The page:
Billy Mitchell
More info i
Credit: David Greedy/Getty Images

Former Donkey Kong champ Billy Mitchell blasts cheating accusations, vows to prove he stuck 'to the rules'

Contributed by
Apr 16, 2018, 6:19 PM EDT

Last week, pro arcade gamer Billy Mitchell was stripped of his world-record high scores on Donkey Kong and Pac-Man after Twin Galaxies launched an investigation and determined he violated guidelines in attaining his high scores. Online gamers brought evidence (based on the graphics of Mitchell's respective runs for both games) that they believed would prove Mitchell had actually been using an emulator, which would allow him to manipulate the game in his favor and land perfect results. 

Since Twin Galaxies only accepts records set on original games that have not been altered in any way, it banned Mitchell from competition, and the decision subsequently invalidated his standing with the Guinness World Records, which relies on Galaxies to verify video game world records. 

Now, Mitchell is firing back, standing by his scores while also claiming that he'll prove that they were authentic by providing evidence to be made public in the near future. 

In an official video statement posted via Old School Gamer MagazineMitchell said:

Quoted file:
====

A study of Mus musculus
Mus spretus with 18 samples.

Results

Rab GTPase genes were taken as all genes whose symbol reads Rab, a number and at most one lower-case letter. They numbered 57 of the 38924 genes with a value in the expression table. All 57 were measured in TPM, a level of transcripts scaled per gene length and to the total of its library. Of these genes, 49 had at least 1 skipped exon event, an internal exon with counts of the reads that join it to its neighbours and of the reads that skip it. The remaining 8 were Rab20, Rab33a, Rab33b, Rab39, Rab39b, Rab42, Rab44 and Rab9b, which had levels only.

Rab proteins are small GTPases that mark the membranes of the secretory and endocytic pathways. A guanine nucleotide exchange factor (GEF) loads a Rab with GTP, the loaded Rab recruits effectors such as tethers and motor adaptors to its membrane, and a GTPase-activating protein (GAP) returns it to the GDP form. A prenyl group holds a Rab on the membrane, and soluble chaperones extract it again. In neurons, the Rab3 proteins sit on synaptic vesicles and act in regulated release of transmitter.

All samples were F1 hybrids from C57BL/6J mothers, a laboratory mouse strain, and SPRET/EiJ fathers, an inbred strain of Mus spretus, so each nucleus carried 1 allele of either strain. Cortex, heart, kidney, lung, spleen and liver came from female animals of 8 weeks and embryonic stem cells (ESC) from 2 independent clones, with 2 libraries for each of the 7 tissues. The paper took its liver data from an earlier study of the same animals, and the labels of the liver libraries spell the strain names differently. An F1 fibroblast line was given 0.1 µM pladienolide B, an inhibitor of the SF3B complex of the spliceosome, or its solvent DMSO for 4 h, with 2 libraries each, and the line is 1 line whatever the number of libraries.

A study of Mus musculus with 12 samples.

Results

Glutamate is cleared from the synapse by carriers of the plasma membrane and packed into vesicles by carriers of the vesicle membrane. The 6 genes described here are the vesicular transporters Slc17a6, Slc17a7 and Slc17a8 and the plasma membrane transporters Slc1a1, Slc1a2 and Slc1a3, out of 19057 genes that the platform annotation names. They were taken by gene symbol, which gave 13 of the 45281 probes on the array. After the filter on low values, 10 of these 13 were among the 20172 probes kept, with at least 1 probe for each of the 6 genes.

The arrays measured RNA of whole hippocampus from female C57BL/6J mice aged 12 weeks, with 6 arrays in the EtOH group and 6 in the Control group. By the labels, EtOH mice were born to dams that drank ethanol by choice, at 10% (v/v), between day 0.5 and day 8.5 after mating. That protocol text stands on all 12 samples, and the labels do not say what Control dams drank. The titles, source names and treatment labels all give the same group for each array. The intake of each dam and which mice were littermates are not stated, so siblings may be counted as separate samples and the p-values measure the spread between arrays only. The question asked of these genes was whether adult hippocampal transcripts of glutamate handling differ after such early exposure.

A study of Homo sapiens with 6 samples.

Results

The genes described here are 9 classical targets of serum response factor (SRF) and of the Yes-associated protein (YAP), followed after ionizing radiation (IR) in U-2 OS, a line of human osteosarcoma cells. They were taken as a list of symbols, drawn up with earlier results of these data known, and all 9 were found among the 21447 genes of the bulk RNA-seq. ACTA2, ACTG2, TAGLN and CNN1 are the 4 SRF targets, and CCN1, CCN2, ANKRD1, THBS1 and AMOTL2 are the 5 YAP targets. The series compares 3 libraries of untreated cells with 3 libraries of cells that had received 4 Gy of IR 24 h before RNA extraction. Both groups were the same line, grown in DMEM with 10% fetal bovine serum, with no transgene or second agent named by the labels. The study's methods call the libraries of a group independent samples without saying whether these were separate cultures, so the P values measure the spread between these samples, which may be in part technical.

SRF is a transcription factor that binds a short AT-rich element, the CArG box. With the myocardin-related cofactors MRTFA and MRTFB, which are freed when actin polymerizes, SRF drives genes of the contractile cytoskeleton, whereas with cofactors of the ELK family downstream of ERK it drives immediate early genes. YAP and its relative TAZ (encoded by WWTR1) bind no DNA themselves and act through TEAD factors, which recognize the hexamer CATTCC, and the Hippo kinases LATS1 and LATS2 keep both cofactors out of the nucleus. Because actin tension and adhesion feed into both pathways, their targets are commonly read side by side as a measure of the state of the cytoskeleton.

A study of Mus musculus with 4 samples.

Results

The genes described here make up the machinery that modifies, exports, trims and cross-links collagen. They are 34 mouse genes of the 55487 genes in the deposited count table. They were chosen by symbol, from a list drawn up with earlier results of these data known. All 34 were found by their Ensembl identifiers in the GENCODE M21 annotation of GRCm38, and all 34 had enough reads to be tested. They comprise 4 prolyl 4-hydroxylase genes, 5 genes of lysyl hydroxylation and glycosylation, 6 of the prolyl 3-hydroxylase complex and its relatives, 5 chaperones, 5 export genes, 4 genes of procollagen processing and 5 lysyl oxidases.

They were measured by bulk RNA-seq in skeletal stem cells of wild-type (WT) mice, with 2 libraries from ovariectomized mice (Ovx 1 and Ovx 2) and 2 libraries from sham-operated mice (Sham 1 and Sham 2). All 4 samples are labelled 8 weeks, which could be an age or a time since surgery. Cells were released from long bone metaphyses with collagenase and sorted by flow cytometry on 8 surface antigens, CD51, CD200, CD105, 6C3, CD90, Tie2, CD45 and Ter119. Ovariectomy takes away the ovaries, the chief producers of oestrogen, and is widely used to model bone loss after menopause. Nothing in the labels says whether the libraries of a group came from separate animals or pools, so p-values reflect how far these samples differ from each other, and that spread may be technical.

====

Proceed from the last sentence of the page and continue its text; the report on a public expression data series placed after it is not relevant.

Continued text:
"The fact of the matter is now there is a true professional due diligence being done to investigate things that happened as far as 35 years ago. In a professional manner, not in a shock-jock mentality designed to create hits, we will show that everything that has been done, everything was done professionally, according to the rules, according to the scoreboard, the integrity that was set up. Not 2014 forward by the current regime, who wants to reach back 35 years. Everything will be transparent, everything will be available. I wish I had it in my hands right now, I wish I could hand it to you. But it's taken a considerable amount of time, witnesses, documents... everything will be made available to you. Nothing will be withheld. You absolutely have my commitment to that. We've been at this since 1982, and it's not gonna stop now."